Mercedes EQC long-term test review
The Mercedes EQC is the brand's first mainstream all-electric car. Can it eclipse the rival Audi E-tron, Jaguar I-Pace and Tesla Model X? We've got six months to find out...
The car Mercedes EQC 400 4Matic AMG Line Premium Plus Run by Jim Holder, Editorial Director
Why it’s here We want to discover if Mercedes' first mainstream EV is a match for the opposition, worthy of a near-£80,000 price tag and fits into everyday life.
Needs to Deliver a wow factor befitting its price, without any limitations resulting from its mode of propulsion that compromise its everyday usability.
Miles covered 1069 Price £74,610 Target Price £74,610 Price as tested £77,200 Official range 232 miles Test range 206 miles
19 October 2020 – When technology doesn't deliver on its promise
What’s worse than technology that doesn’t work? I fear the answer is technology that sometimes or almost works – and the EQC is giving me plenty of time to ponder on that.
Take the much-heralded ‘Hey Mercedes’ voice command system, which has been rolled out across all of the brand’s vehicles.
In the past I’ve always found it impressive, but in the EQC it is sometimes spot on and sometimes miles off – no matter how much I try to articulate my commands.
Just as frustrating is the fact that, very occasionally, even with the right command inputted into the sat-nav, it doesn’t find where I want to go.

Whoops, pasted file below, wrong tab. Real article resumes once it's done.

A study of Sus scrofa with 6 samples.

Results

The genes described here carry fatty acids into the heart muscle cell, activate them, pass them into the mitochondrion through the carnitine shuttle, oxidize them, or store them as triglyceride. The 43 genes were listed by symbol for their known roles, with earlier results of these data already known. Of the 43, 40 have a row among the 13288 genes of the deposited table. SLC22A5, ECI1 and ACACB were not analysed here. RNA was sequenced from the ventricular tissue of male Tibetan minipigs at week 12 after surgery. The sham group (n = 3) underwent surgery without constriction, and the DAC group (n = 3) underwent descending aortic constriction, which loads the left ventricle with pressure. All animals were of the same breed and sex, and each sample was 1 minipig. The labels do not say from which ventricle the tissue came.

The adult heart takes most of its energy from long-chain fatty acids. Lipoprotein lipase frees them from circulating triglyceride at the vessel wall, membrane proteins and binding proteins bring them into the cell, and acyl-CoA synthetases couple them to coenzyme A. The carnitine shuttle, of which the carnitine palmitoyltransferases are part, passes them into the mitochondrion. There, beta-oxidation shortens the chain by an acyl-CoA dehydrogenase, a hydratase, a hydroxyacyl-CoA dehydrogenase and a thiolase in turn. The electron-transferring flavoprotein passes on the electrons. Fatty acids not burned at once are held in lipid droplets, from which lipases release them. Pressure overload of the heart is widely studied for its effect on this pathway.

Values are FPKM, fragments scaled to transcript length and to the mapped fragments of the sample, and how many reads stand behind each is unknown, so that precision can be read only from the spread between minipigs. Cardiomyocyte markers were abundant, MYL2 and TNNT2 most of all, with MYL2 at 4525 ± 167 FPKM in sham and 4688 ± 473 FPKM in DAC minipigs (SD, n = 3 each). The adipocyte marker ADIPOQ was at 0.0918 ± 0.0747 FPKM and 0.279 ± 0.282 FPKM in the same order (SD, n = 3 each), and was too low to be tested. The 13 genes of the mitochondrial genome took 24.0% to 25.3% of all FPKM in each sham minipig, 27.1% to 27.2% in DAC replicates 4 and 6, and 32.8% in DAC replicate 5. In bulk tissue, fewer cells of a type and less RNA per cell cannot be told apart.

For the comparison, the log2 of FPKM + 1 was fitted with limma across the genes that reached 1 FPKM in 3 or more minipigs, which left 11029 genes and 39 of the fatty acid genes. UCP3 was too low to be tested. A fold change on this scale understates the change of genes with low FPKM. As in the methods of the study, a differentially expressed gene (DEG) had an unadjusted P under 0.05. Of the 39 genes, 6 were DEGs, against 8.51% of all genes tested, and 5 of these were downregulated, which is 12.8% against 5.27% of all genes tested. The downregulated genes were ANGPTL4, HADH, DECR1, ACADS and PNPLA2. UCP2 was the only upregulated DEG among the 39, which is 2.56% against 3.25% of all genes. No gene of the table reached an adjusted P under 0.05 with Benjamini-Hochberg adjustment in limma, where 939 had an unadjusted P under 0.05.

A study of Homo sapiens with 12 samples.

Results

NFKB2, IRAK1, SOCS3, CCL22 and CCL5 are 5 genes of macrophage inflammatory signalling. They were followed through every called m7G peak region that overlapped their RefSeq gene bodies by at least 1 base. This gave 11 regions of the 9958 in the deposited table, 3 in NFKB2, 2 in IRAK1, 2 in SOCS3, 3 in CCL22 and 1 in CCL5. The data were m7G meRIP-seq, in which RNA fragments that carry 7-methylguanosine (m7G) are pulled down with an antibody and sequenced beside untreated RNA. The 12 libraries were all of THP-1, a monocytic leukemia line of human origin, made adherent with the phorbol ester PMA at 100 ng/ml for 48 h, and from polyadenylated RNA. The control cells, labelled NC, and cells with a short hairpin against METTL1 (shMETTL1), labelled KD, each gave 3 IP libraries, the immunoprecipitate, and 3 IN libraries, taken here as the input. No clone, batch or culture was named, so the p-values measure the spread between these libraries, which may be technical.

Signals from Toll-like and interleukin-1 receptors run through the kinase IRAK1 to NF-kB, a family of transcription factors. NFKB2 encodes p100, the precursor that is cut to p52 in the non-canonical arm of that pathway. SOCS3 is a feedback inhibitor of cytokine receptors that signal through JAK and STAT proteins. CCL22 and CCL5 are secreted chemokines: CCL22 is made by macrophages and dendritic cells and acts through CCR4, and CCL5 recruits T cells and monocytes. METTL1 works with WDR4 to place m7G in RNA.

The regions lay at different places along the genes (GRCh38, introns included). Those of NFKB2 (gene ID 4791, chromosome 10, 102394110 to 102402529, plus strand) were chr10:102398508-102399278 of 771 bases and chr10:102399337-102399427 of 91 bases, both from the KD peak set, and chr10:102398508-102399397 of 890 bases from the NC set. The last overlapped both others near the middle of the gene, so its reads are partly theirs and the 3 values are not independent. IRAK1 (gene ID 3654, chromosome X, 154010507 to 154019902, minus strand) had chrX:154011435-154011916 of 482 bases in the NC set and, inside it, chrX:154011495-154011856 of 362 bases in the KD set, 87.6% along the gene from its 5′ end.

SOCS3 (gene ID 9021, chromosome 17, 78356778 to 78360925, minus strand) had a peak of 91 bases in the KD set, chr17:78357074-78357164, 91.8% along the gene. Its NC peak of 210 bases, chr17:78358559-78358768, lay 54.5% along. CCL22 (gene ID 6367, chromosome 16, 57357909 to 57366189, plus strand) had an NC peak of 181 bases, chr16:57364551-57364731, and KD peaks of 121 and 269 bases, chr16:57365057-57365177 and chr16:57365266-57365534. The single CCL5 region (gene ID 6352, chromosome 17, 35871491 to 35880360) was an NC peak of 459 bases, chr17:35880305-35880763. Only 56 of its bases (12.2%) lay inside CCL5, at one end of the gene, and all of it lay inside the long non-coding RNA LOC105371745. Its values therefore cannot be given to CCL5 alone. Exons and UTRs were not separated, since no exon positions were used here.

Take the picture above, for instance: the postcode I’ve inputted is correct, but not one of the destinations is correct, or even close to each other in vicinity. Good job I noticed before setting off, but how long before I don’t?
More nerve-jarringly, the multitude of collision systems seem to operate with a lag, so if a car passes close by while, for instance, you are in a parking space, and you go to pull out just after it has passed, off go the lights and buzzers.
The stress this induces when driving around a busy town is palpable, and the potential for causing an incident if it prompts you to ram on the anchors is obvious.
But the most heart-stopping moment of all came recently when returning from the school run when – just like that – the car performed the start of an automated emergency stop. It was terrifying for me, and I’m very grateful there was nobody behind.
The cause? I suspect a parent and three children on the pavement nearby. No question, they were bobbing about playfully, and had one of them wandered into the road I would have been forever grateful for the system, but at no point had it looked to me like they were about to fall off the pavement into my path.
A litany of minor niggles with potentially bigger consequences, then, but it’s important to stress that they are occasional, not unique to the EQC and not ruinous for the overall experience. But I do fear that they show that the development teams creating this technology are not as far advanced as they might like to have you believe.